But if we are the enemy, who really wins? Our collective losses have been great since the 1970s, and we have all seen them and borne their weight. Overreaching governmental intrusions into our personal privacy, criminalization of minor drug offenses and an extremely overpopulated prison are realities we've all begrudgingly come to accept. But why? Is any of this working?

The United States contains five percent of world's population, yet 25 percent of the world's incarcerated population. We have the highest rate of incarceration in the entire world. In 2012, about half of those in federal prison were there for non-violent drug offenses. Of those, marijuana arrests made up 48.3 percent, 87 percent of which were for possession only. Clearly something has to change.

Here's what we know: 80 percent of offenders abuse drugs or alcohol and nearly 50 percent of inmates are clinically addicted. The war on crime has been phenomenally successful in arresting and prosecuting individuals. However, it has not made a dent in addiction, the consumer demand for drugs, or the trafficker's ability sell them. According to the CIA, the United States is the "world's largest consumer of cocaine (shipped from Colombia through Mexico and the Caribbean), Colombian heroin and Mexican heroin and marijuana."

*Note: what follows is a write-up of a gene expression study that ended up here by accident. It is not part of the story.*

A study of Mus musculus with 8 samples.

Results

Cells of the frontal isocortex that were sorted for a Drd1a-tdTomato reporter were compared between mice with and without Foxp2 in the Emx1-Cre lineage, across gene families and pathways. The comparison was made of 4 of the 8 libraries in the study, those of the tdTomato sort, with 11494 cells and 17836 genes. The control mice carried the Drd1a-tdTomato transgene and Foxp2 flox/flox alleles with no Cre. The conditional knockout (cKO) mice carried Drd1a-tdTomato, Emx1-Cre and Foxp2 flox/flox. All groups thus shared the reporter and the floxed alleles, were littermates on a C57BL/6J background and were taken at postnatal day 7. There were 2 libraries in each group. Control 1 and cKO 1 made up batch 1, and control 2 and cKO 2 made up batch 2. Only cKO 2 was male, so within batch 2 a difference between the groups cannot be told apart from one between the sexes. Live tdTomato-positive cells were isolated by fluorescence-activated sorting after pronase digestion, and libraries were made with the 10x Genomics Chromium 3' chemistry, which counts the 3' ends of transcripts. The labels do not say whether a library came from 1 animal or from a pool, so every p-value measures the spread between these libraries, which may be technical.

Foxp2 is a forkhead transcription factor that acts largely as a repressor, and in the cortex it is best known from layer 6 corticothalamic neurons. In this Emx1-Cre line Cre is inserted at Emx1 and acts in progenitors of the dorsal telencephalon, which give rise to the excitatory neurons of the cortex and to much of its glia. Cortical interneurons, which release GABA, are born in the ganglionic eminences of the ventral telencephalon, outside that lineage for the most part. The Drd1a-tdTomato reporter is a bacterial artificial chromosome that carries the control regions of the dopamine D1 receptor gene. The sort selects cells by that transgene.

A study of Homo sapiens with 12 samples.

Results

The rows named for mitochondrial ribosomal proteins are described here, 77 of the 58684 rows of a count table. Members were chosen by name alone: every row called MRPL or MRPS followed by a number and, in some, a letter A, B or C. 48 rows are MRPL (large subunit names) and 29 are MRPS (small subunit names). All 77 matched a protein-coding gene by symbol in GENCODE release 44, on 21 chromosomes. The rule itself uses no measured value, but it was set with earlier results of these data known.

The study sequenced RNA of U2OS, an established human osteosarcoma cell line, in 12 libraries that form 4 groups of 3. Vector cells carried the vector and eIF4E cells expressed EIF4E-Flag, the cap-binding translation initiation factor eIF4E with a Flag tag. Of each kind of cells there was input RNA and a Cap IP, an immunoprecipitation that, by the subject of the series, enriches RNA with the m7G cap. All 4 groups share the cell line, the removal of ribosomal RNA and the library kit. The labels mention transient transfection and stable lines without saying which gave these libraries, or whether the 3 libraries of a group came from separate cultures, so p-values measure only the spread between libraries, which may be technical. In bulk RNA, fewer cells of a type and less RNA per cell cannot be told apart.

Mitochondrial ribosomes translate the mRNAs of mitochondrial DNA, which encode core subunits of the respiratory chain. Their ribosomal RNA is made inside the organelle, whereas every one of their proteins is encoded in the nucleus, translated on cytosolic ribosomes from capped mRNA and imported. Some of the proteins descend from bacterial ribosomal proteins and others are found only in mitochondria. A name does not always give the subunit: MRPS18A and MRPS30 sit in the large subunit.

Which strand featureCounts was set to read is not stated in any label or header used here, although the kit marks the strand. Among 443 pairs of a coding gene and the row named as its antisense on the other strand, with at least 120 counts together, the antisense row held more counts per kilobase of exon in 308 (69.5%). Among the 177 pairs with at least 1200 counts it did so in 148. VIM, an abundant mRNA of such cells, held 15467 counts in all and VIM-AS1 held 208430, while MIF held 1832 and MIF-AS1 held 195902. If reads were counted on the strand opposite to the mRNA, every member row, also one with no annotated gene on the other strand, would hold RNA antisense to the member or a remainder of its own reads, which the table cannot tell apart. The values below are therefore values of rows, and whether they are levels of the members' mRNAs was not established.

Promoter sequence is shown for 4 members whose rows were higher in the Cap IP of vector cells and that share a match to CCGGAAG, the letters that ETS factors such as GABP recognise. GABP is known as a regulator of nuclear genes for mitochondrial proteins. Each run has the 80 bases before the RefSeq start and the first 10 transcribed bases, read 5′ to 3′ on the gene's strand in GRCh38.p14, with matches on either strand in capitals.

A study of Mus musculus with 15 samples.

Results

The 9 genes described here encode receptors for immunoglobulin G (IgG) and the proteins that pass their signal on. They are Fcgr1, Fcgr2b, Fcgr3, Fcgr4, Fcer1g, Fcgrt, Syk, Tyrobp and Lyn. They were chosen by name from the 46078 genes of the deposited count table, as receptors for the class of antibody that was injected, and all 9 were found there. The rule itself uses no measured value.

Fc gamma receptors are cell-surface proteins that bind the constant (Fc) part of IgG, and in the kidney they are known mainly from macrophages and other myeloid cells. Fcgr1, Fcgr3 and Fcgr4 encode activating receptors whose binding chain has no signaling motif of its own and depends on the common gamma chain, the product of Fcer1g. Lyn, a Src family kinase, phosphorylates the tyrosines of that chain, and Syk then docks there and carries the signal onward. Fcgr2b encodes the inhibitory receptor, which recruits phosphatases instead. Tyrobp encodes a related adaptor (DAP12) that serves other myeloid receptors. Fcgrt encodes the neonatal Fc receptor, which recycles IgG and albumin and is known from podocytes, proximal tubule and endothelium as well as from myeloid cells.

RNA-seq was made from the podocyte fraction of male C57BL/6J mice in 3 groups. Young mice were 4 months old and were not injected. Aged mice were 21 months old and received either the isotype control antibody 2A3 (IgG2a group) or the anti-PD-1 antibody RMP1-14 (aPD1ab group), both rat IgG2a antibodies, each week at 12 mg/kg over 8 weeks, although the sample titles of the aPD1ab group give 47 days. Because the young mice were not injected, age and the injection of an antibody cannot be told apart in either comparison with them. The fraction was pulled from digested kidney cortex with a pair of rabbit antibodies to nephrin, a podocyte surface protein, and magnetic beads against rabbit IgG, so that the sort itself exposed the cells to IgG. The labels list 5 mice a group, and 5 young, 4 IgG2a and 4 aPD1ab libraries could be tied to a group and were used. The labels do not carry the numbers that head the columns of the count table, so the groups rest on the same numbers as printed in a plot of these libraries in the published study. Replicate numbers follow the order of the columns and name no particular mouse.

So what's the answer? It's difficult to say. We need to ask ourselves some tough questions to help figure out our priorities as a country. Are we satisfied with spending more money on incarcerating our citizens, than educating them? Are we ok with our current parole/release system, or do we think the rate of recidivism (67.5 percent) is troubling? Do we agree that the United States has the highest rate of criminality in the world, or is there another explanation for why we have had the highest rate of incarceration since 2002?

There have been positive steps in the right direction. On April 23, the Justice Department released new clemency guidelines for non-violent drug offenders. Amongst other requirements, the offenders, must have already served 10 years to be eligible. While this program may be taking an important step in the right direction, many others' rights are being trampled right back over every day under prevailing state and federal law.

As a country, we can do better. As people, we can do better. In the 1970s, war was waged unwittingly by the United States on its own citizens. Today its time to call a cease fire.